Thursday, February 18, 2010

Oscar Charts, Round 3

Very little movement, but significant movement nonetheless.

We are at a moment where the only categories that can move, oddly enough, are the two big ones: Best Picture and Best Director. Most others are locked down...foregone conclusions in a very boring Oscar season. And really, most Oscar seasons are boring, with only a couple of categories left up in the air. But for those categories to be the two big ones...that's enough to inject some life in this race.

This week's charts...

1. The Hurt Locker
2. Avatar
3. Up in the Air
4. Inglourious Basterds
5. Precious: Based on the novel Push by Sapphire
6. Up
7. An Education
8. The Blind Side
District 9
A Serious Man

Note: It seems, at this point, that Summit is going to hold firm on their decision to withhold The Hurt Locker from theatrical re-release, the one move that I feel would successfully lock in the "upset" win. Getting the very cinematic film back into theaters where it can make some money, gain some more widespread love, and be seen on a big screen by Academy members...that's a win waiting to happen. But they may want to avoid the head-to-head theatrical competition with Avatar, and the film will still play potently on an HD flat screen.

Since Summit isn't forcing the issue, the story is formed by the current, visible developments. And by that measuring stick, The Hurt Locker has all the momentum. The film is coming off two major guild wins, and is the odds-on favorite to take another one, the WGA, this weekend. Meanwhile, Avatar's biggest advantage -- its box-office -- has been diminished ever-so-slightly, as it dropped from the top of the weekend box-office during the first weekend after the Oscar nominations announcement, and dropped even further the following weekend. And more people will be seeing The Hurt Locker on DVDs and Blu-Rays they receive in Netflix envelopes, especially if they are in a snowed-in part of the country.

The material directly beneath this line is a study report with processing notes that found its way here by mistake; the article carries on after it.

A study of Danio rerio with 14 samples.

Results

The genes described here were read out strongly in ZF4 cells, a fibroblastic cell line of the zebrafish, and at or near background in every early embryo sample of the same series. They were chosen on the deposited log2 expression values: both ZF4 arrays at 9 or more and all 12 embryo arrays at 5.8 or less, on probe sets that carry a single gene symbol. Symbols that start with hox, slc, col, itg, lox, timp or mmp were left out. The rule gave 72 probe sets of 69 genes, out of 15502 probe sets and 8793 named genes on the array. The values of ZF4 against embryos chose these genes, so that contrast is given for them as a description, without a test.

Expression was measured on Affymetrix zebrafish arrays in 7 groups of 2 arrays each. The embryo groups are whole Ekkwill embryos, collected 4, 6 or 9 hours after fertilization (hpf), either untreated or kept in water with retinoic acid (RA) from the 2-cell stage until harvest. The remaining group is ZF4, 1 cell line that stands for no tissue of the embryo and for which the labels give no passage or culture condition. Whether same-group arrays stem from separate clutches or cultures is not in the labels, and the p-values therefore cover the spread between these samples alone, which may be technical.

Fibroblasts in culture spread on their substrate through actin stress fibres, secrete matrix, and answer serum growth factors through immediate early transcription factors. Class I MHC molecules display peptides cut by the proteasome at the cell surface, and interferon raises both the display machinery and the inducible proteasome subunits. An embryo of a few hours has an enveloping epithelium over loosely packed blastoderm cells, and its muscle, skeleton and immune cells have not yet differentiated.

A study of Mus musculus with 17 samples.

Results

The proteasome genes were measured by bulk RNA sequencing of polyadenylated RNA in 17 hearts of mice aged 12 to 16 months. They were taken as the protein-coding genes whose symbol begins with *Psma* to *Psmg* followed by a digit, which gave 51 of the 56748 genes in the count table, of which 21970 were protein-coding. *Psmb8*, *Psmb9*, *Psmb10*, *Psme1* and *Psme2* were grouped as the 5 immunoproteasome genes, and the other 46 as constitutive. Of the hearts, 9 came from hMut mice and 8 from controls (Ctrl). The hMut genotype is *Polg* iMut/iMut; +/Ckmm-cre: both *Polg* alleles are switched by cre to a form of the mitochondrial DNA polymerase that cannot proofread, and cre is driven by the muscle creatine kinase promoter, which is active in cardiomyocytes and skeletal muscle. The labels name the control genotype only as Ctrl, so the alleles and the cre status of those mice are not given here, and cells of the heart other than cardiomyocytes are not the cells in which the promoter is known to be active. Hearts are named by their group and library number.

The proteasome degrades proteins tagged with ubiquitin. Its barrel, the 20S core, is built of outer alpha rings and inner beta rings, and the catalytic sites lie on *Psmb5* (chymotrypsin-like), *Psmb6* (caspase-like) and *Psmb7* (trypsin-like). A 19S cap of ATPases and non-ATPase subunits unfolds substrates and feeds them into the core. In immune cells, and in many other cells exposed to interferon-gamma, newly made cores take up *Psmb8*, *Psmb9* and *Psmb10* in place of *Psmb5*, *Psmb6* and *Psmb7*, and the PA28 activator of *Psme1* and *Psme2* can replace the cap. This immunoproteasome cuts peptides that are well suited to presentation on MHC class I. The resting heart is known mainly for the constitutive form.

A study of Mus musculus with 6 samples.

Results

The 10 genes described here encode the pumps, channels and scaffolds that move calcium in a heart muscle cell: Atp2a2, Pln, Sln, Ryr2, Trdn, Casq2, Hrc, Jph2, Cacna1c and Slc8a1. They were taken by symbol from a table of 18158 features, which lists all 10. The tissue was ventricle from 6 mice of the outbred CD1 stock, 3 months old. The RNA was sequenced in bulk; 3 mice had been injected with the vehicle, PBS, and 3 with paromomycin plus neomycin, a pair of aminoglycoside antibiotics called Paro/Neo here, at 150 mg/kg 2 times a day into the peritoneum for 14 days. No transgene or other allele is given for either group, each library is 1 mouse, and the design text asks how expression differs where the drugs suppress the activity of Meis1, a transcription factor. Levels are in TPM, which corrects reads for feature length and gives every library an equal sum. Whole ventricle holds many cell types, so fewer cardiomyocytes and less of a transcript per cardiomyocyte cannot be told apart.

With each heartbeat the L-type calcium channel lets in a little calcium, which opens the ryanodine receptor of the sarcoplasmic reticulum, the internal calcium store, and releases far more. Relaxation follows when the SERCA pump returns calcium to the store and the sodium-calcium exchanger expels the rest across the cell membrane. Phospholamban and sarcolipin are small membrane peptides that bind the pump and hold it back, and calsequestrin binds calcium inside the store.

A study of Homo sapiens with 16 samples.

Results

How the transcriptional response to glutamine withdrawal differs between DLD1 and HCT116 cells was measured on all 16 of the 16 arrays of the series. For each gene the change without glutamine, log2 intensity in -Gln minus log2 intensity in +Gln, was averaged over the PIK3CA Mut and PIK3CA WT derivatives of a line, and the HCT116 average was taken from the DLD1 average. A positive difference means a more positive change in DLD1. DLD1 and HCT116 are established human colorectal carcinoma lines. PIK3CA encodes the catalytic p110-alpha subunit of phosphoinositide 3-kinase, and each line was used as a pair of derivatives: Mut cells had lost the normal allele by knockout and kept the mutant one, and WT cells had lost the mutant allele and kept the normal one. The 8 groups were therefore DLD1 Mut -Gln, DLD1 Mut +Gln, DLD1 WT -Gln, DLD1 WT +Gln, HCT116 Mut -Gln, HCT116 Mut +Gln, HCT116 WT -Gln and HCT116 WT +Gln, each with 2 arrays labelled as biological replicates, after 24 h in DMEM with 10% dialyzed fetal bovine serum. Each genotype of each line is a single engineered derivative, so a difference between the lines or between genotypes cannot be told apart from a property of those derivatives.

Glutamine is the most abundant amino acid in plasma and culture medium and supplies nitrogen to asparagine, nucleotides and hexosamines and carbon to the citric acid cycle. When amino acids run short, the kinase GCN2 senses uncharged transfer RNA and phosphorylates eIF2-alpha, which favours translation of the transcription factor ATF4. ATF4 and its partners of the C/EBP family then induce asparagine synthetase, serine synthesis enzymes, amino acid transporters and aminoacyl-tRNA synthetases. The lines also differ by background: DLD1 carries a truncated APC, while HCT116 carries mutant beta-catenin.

For now, advantage Hurt Locker.

The rest of the major categories after the jump...

1. Kathryn Bigelow, The Hurt Locker
2. James Cameron, Avatar
3. Jason Reitman, Up in the Air
4. Quentin Tarantino, Inglourious Basterds
5. Lee Daniels, Precious
Note: Still trending Bigelow, and that whole "first female winner in history" wave is starting to pick up major steam.

1. Sandra Bullock, The Blind Side
2. Meryl Streep, Julie & Julia
3. Carey Mulligan, An Education
4. Gabourey Sidibe, Precious
5. Helen Mirren, The Last Station

Note: Bullock on top. She is still making the interview rounds, tossing footballs with Letterman...doing the job. Streep seems to have ceded this one.

1. Jeff Bridges, Crazy Heart
2. George Clooney, Up in the Air
3. Colin Firth, A Single Man
4. Morgan Freeman, Invictus
5. Jeremy Renner, The Hurt Locker

Note: Bridges. Over. Crazy Heart's up-tick in weekend box-office can only help more. Clooney isn't doing press...he knows it's all over. Firth and Renner are just happy to be there. And Freeman...please.

1. Mo'Nique, Precious
2. Vera Farmiga, Up in the Air
3. Anna Kendrick, Up in the Air
4. Maggie Gyllenhaal, Crazy Heart
5. Penelope Cruz, Nine
Note: Ha!

1. Christoph Waltz, Inglourious Basterds
2. Woody Harrelson, The Messenger
3. Christopher Plummer, The Last Station
4. Stanley Tucci, The Lovely Bones
5. Matt Damon, Invictus

Note: Waltz...duh.

1. Mark Boal, The Hurt Locker
2. Quentin Tarantino, Inglourious Basterds
3. Pete Docter, Bob Peterson, Tom McCarthy, Up
4. Alessandro Camon & Oren Moverman, The Messenger
5. Joel Coen & Ethan Coen, A Serious Man

Note: We will continue to track the percentages on this one. I still have to give the 51% edge to Boal's Hurt Locker script, over Tarantino's Basterds screenplay, which still sits as a 49% underdog. The WGA hands out its awards this Saturday, and that will be the next major indicator, though it is not an Oscar guarantee no matter who comes away with the prize.

1. Jason Reitman and Sheldon Turner, Up in the Air
2. Geoffrey Fletcher, Precious
3. Neill Blomkamp and Terri Tatchell, District 9
4. Nick Hornby, An Education
5. Jesse Armstrong, Simon Blackwell, Armando Iannucci, Tony Roche, In the Loop

Note: All about Up in the Air, which would still be a major player for Best Picture if Avatar had never happened. As it stands, this is the only major award the film has a chance to win...and it will win it.